An organization founded to tackle one shortage area in computer science education is teaming up with the teachers union to address another.
Girls Who Code, whose founder Reshma Saujani is running for citywide office this year, launched last year to address stark gender inequities that exist in computer science, one of the many job markets in the field of Science, Technology, Engineering and Mathematics (STEM) where women are underrepresented. The organization’s eight-week curriculum began last summer with 20 girls and will expand to 160 this summer, with new programs in Detroit and San Francisco as well.
The organization will also be lending its curriculum out to help train a small group of 20 teachers, the United Federation of Teachers announced this week. The union is trying to keep pace with the evolving demands in career and technical education and union chief Michael Mulgrew said one challenge is retaining young math and science teachers, who leave “because we don’t give them something engaging to do.”
“We’re going to make the difference by doing it where it really counts, which is training the teachers so they can bring it inside of the classroom because that’s where the students are,” Mulgrew said this week at an event announcing the pilot, called “Teachers Who Code”.
The pilot, a one-week training course hosted by the technology company AppNexus, is the latest effort underway to prepare students for job openings in the STEM field. In New York State alone, nearly 500,000 STEM-related jobs are projected to be created by 2018, the bulk of which are in computer science, according to a report published last year.
Separately, the city is also training 40 teachers in 20 schools that next fall will launch career and technical education programs with software engineering tracks. The programs include classes in coding, fashion design, and mobile applications, and are designed to award graduating students with state-accredited diplomas that certify they can work in the expanding technology job market.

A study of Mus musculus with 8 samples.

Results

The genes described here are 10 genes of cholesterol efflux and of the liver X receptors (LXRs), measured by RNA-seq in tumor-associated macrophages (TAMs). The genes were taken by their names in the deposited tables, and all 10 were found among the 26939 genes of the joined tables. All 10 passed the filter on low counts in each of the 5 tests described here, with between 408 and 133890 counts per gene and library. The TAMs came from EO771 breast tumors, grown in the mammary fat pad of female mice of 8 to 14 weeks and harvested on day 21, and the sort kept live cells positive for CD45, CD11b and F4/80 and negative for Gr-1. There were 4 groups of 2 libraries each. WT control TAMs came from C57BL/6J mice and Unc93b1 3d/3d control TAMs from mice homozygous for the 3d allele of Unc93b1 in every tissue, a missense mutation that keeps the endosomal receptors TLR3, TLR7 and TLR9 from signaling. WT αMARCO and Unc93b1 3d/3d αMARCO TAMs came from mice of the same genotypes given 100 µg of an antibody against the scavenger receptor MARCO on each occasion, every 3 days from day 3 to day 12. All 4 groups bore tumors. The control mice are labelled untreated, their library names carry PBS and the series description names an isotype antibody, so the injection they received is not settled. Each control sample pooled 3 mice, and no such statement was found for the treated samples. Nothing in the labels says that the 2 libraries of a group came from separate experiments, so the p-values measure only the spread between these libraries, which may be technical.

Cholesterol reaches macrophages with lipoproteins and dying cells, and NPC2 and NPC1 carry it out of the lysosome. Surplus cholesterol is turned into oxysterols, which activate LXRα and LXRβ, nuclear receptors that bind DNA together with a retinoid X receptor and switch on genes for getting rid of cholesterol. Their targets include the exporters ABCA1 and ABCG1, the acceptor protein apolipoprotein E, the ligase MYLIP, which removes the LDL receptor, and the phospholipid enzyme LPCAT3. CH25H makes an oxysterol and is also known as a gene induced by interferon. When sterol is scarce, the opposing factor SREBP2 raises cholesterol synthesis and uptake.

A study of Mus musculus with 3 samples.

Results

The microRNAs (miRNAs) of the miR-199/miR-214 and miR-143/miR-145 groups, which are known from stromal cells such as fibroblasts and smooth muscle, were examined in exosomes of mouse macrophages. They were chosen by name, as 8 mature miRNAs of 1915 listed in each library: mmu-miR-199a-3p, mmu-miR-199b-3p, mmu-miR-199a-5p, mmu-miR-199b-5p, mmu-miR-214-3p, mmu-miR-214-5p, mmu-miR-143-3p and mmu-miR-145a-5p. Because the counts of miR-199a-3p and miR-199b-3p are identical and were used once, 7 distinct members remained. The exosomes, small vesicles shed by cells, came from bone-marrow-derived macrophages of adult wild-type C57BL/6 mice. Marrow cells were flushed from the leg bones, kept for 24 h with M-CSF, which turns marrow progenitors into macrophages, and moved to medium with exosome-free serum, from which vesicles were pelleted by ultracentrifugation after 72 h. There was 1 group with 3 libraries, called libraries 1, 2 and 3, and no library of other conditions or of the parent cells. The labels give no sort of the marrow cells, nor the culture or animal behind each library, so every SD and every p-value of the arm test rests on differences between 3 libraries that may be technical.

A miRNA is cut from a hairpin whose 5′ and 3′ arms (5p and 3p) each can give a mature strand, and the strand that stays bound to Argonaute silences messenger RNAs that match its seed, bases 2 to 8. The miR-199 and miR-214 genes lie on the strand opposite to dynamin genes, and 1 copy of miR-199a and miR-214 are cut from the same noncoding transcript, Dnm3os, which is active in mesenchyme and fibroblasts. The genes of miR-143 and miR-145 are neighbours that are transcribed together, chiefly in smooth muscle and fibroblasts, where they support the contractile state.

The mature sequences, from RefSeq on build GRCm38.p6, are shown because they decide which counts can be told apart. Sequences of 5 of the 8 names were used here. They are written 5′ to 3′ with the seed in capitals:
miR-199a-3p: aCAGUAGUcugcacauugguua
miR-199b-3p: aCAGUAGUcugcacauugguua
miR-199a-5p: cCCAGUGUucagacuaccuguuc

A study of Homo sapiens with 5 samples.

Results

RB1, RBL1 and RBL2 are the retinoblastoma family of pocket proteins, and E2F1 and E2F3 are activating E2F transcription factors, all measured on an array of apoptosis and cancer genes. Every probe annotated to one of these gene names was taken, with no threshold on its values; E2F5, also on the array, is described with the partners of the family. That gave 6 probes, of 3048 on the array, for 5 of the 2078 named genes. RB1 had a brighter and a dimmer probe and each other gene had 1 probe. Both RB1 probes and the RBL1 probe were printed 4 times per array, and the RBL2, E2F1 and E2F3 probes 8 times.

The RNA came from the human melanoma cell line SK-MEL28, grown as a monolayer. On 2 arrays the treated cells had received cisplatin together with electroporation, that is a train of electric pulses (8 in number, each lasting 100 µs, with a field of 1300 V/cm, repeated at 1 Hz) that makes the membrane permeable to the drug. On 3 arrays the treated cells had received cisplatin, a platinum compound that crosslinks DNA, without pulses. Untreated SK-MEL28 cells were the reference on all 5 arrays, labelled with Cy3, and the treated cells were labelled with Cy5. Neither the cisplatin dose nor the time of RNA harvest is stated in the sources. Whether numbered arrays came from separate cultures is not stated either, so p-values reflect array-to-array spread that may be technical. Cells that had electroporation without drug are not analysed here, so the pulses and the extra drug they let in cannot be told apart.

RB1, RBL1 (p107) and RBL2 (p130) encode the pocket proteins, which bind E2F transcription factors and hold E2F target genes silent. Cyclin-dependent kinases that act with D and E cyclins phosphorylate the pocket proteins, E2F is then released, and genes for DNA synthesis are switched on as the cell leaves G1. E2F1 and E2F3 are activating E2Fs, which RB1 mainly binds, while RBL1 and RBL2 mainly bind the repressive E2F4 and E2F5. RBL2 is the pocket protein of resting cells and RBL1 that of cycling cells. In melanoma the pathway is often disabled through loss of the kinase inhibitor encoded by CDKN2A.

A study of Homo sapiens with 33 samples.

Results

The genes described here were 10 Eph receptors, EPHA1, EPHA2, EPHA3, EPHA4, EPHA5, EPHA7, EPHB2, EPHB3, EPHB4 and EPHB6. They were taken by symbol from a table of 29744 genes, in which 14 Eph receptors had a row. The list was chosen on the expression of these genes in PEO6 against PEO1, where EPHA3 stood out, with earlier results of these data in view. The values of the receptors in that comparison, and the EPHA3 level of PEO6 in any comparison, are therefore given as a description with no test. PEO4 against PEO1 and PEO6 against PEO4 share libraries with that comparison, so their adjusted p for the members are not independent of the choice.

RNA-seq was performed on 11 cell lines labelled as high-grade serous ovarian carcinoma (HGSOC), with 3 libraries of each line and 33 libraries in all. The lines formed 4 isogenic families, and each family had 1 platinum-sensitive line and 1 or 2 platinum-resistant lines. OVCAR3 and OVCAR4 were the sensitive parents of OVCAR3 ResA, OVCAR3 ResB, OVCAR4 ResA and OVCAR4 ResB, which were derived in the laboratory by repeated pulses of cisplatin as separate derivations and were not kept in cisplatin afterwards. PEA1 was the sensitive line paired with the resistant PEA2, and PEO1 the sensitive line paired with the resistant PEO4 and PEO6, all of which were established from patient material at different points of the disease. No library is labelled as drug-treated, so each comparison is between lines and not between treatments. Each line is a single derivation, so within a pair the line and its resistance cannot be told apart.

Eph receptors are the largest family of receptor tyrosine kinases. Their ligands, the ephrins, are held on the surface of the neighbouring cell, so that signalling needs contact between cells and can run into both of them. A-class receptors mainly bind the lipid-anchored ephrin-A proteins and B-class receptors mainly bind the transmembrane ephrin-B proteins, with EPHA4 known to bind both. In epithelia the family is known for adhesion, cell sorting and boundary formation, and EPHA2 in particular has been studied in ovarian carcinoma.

One goal of the program, officials said, was to double the number of underrepresented students who take Advanced Placement computer science exams. Just 30 percent of the 452 students who took last year’s exam were girls, who normally make up nearly 60 percent of all A.P. test-takers.
Mulgrew appeared at the event with Saujani, who also happens to be running for public advocate, a closely-contested race that the union has yet to endorse in. But union officials went out of their way to note that the appearance with Saujani was not a sign of which way they’re leaning.
“This is not an endorsement,” Mulgrew said jokingly — and unprompted.
Still, Mulgrew had glowing things to say about the work Saujani has done with Girls Who Code, which relies heavily on partnerships with large companies like Facebook, Google, Twitter, Goldman Sachs and IBM.
“A lot of people come into this building with ideas and it’s really about getting the press release,” Mulgrew said, referring to the steady stream of elected officials who seek the union’s support for their education proposals.
Saujani, who first approached the UFT two years ago about training teachers, was different, Mulgrew said.
“I’m so happy that we get to stand here today and say you kept your word,” Mulgrew said. “It’s been everything you said you’d do and we’re so happy that we are partnered with you and your team on this.”
Saujani said she had a shared interest in helping out the union. Early on, she said, she realized that Girls Who Code would not be successful “unless we have more teachers” to do the job.
“You can’t solve the pipeline problem without the teachers union,” Saujani added.